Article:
Wednesday 10th April, 2013 @ 2:06 pm

by Dr Paul Sibly | tags: , , ,

Nottingham High School was founded at Candlemas in St Mary’s Church 500 years ago — Paul Sibly, Deputy Headmaster at the school, considers why Candlemas was an appropriate time to create the school and how different education was in the 16th century

February 2nd 2013 was the 500th Anniversary of the first lessons taught at Nottingham High School. During a morning Assembly I shared some thoughts with the pupils, beginning with St Luke’s account (chapter 2 vv 22 -40) of the presentation of Christ in the temple.

Candlemas in 1513 was an important church festival, ranking not far behind Christmas, Easter and Pentecost. The account of the presentation of Christ in the temple was read, in Latin, on the very day our School opened and, with its references to light (= knowledge and truth) and to the child growing in wisdom, I can see how appropriate that was.

What was the Candlemas celebration like back in 1513?

Most likely there was a grand procession around St Mary’s Church (which was Roman Catholic at the time), with every parishioner carrying a lighted candle and an offering of money for the priest. The Nunc Dimittis was sung. Later, in the grand Mass itself, the passage from St Luke would be read, along with other scriptures focusing on light, life and renewal.

Some would take the candles to symbolise Jesus; the wax, wick and flame representing his body, his soul and his divinity, ‘the light of the world’. Beyond that, popular folklore gave the candles mystical powers; a holy light could drive out the devil and all his works, could make people safe in thunderstorms, give relief in sickness, give comfort to the dying. Superstitions also crept in, for example witches were said to drip molten wax into their victims’ footprints, causing feet to rot off.

All in all, the celebrations were a great piece of medieval theatre. The light, music and liturgy were spot on for the launch of a school which, over the years, has taken the search for knowledge, truth and understanding in new directions.

Apart from being shiveringly cold in the great spaces of St Mary’s, what do we know about the first lessons?

The earliest clue is in the royal charter of 1512 which provided for the ‘foundation and building of a certain School, evermore to endure, in the parish of the Blessed Virgin Mary in the town of Nottingham, for the education, teaching and instruction of boys in good manners and literature’. The founder, Dame Agnes Mellers, added, “I will and ordain that the Schoolmaster… shall daily when he keeps School cause the Scholars every morning in their school house ere they begin their learning to say with an high voice the whole Credo in Deum Patrem and the hymn Veni Creator Spiritus …… and the collect Deus qui corda, and at even such time as they may gyf oop [sic] school to sing some anthem in honour of our Lady and say De Profundis with three collects …… for the soul of Richard Mellors my husband and for the souls of the said Sir Thomas Lovell and my soul….. and all Christian souls”.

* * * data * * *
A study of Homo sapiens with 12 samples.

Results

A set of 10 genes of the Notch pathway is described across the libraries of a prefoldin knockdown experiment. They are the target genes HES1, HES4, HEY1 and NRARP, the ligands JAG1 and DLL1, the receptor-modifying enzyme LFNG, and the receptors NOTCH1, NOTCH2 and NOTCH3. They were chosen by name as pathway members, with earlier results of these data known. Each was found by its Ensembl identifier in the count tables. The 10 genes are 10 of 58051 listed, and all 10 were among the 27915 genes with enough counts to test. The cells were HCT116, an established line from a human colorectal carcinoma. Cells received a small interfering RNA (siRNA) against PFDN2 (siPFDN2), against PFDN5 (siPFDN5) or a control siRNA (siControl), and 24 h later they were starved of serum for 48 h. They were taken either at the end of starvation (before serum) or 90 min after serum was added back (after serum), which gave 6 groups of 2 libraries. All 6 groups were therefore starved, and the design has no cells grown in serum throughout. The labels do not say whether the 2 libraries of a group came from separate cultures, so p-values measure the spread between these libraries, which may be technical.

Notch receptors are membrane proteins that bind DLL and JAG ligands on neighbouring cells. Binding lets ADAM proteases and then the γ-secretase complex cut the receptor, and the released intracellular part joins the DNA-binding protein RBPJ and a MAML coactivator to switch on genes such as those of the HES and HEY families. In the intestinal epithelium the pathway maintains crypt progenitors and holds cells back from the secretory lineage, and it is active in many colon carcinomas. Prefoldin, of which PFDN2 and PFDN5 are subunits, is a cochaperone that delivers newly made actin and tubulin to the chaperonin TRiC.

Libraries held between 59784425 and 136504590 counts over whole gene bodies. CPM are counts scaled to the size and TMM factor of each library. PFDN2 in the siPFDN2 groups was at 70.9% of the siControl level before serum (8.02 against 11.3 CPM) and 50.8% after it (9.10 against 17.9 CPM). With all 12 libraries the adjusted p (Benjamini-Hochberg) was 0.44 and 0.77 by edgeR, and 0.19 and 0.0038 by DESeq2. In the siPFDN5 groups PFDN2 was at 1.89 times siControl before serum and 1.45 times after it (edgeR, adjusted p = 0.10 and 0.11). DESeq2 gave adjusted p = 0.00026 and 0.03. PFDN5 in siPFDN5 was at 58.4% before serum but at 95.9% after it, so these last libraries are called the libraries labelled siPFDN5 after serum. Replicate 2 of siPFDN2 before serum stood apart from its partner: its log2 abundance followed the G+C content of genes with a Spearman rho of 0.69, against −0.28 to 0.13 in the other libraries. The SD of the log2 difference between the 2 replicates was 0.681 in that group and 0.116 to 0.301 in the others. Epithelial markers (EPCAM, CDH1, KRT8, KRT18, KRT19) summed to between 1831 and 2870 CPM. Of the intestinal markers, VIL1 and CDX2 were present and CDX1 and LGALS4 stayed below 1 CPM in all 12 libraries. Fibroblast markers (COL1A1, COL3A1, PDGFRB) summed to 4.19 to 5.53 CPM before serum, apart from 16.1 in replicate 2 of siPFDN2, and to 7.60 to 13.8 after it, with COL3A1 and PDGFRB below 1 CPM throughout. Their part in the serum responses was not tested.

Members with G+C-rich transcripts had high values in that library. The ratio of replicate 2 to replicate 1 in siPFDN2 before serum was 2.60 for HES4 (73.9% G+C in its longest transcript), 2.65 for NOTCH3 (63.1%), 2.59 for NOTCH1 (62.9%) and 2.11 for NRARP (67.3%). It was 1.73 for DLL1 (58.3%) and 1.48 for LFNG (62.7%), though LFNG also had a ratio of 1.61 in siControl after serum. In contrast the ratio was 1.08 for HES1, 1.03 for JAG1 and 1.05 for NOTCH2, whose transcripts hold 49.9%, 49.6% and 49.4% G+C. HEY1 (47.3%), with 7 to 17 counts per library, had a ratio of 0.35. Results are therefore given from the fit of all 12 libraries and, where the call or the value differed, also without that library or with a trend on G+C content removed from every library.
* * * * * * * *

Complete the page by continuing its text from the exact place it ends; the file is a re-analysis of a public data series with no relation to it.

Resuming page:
From these sources we can see that the school was a Christian foundation, that teaching was in Latin - the universal language of learning in the 1500s - and that there was great emphasis on good manners, literature and singing. Lessons were, I think, mainly spoken; skills of reading and writing were considered less important; indeed writing may have been learnt as a separate skill, away from school. Learning by rote, was much used, for example in instilling Latin grammar.

Why didn’t the pupils study modern subjects? Let’s see what lay ahead in 1513:

English: William Tyndale will translate and print the Bible in English only in 1525. With this will come opportunities both for reading in English and for more widespread understanding of Christian teaching and principles. King and priests, unable to tolerate the unmasking of their selfinterested distortions of scripture, will see to it that Tyndale is murdered for his labours in 1536.

Mathematics, Science and Geography: The first book of basic arithmetic, Robert Recorde’s The Grounde of Arts, is 30 years in the future. Science is largely dormant, with the work of the Ancient Greeks still a major point of reference. New work in the 1540s will see Nicholas Copernicus challenge the Earth-at-the-centre of-the universe-with-everything-revolvingaround-it model; he will propose that the Earth orbits the Sun, and spins on its axis as it does so. Europeans are exploring the planet, with John Cabot sailing from Bristol to reach and name Newfoundland in 1497. Others will map the African coast, India and the western seaboard of America. In 1519 - 1520 Magellan’s expedition will circumnavigate the globe, finally demonstrating that we don’t simply fall off the edge of a flat world if we go far enough. Mapmakers will record every discovery.

Much of this new learning depends on advances in the printing, manufacture and distribution of written materials. Caxton’s press in Westminster started in the 1470s, but mass-production is new. Much more will be achieved in the sixteenth century. Books will give great stimulus, spreading knowledge and promoting the teaching of reading and writing.

So, in 1513, there’s about to be an explosion in knowledge and learning, but it hasn’t happened yet.

500 years later we’ve come a long way, but every day still tells us that our endeavours to increase our knowledge and understanding are only just beginning.